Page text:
Inside a Hero Fighter Pilot's Decision to Give His Life in Kamikaze Mission on 9/11: 'We Were Going to Do the Unthinkable'
The Flight 93 passengers who took down their plane are "the real heroes," Marc Sasseville tells PEOPLE
But when he heard a second plane had hit the towers, he and his colleagues in the 121st Fighter Squadron at Andrews Air Force base in Maryland immediately sprang into action.
By that time a third plane had hit the Pentagon and they got word Flight 93 was headed toward Washington, D.C.
“They didn’t know where Flight 93 was going to,” Sasseville, 53, tells PEOPLE. “That’s why they asked us to get airborne.
“We just knew that airliners were running into places they shouldn’t be running into,” he says. “To think that they would run one into the White House or Congress or the Capitol or the National Monument would have been catastrophic. Again, you can accept maybe the Pentagon as a military target but anything else is unthinkable.”
He and his wingman, Heather “Lucky” Penny, headed toward their F-16s.
“The only problem was we didn’t have weapons loaded on the airplanes yet because we normally don’t fly with weapons,” says Sasseville, now a major general who works out of the Pentagon.
The only “weapons” they had were the planes themselves, which meant he and Penny were on a Kamikaze mission.
“As we’re going out to the jets, Lucky and I had a quick conversation about what it is that we were going to do and how we were basically going to do the unthinkable if we had to,” he says.
With no training on how to shoot down airliners, they had to come up with a plan themselves.
“We had to figure out how to take down an airliner down quickly,” he says. “I thought we’d be flying together at that time and I could hit one part of the airplane and she could go for the other.”
“I’m going to go for the cockpit,” he told her.
“I’ll take the tail,” she replied.
“When I said ‘take,’ what I meant was basically run into it because, again, we didn’t have weapons.”
After he got into the air and began his patrols looking for Flight 93, he flew over the Pentagon and saw first responders trying to rescue people stuck in the still-flame-engulfed building.
It was an “unbelievably chaotic scene,” he says
“There was all this smoke in my cockpit,” he continues. “It made me nauseous to be honest with you. Not from an ‘Ugh, this stinks.’ It was more from an, ‘Oh my God, we’ve been hit on our own soil and we’ve been hit big.’
“I just couldn’t believe they had gotten through and they managed to pull off this attack,” he says.
As he and Lucky flew around the D.C. area, he rethought his strategy of crashing into the tail and the cockpit for taking down Flight 93.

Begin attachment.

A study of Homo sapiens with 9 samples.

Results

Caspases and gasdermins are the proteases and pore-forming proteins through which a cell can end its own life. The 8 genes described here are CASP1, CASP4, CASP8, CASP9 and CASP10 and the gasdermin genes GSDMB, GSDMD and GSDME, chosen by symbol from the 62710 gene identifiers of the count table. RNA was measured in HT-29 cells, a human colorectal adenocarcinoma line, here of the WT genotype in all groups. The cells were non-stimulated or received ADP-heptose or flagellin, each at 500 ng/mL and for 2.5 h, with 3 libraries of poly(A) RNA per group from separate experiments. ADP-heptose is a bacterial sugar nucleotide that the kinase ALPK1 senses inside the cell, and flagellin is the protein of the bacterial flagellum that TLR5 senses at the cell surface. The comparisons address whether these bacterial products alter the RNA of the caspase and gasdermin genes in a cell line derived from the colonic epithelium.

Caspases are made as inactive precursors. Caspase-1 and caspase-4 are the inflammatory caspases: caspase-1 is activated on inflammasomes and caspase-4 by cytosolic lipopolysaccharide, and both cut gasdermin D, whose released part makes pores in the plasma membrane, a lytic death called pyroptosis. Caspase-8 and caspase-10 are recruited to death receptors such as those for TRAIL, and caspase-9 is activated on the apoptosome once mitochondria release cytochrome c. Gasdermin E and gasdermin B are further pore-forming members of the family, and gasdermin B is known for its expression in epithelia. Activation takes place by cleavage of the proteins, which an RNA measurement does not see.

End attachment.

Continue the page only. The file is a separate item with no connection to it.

“Neither of those would really stop the plane from flying,” he says. “So my thought was I really need to hit the wing to make the airplane not fly anymore and so the plan was to get close to the wing, break it and eject somewhere in there if I could, knowing that it would all happen kinda fast.
“But that’s the only real way to foil the aerodynamic qualities of an airplane – to hit the wing,” he says. “The only problem is you have no idea where it’s going to go.”
“The danger is an airplane gets dropped…when I say dropped I mean it falls to the ground…and it lands on a school or something. Thankfully, we didn’t have to take on that responsibility,” he says.
Also weighing on his mind was knowing not only would he likely lose his life, but hundreds of other innocent passengers on Flight 93 would as well should he succeed.
“It’s one of those greater good philosophies we learned at the academy,” he says. “To give one life to save hundreds of others, especially innocents, and to potentially enable the country to avoid a catastrophe and have it run into the Capitol.”
It was the same “moral calculation” he thought about with regard to the Flight 93 passengers and whomever the plane might hit as it crashed to the ground if he succeeded.
“Hopefully the airplane wasn’t fully loaded, but either way, if they were going to hit the ground there would probably be more casualites on the ground,” he says. But “the perceived repurcussions of a national monument other than the Pentagon being struck were just unthinkable. That would really set us on a different course throughout the 21st century.”
Instead, he later learned, the Flight 93 passengers made that same calculation themselves and brought down the plane over Shanksville, Pennsylvania.
“It was unbelievable,” he says. “Those are the real heroes. They were able to communicate, get the right pieces of information and decide what to do and actually took action. It brought tears to my eyes then and it still does today just to think about that.”
“They had to make the same calculation that I was trying to make on my end but they were the ones who were burdened with that ethical dilemma,” he says.
“My feeling on the back of that – and still is to a certain extent today – we were attacked,” he says. “It makes me angry. And frankly, the attack is not over.
“There’s one way you can look at this, which is this one battle in a long, long war that we’re still fighting,” he says.
Sasseville currently works at the Pentagon, so memories of 9/11 are hard to avoid.
“I see the site every day on the way to my parking spot, so it comes back quite clearly – all the people that perished; all the families that were affected and the people who were in the building that didn’t perish.
“There’s a lot of problems still today that people experience because of the attacks – PTSD; low flying airplanes. I’m sure it’s the same in New York City.”
Today, unlike 15 years ago, we’re “”better prepared” should something like this happen again.
“We have airplanes on alert 24/7 that are fully loaded, so the response would be very different today,” he says.
And on the 15th anniversary itself Sunday, his plans are simple, he says.
“I’ll say my prayers and I’ll toast the fallen.”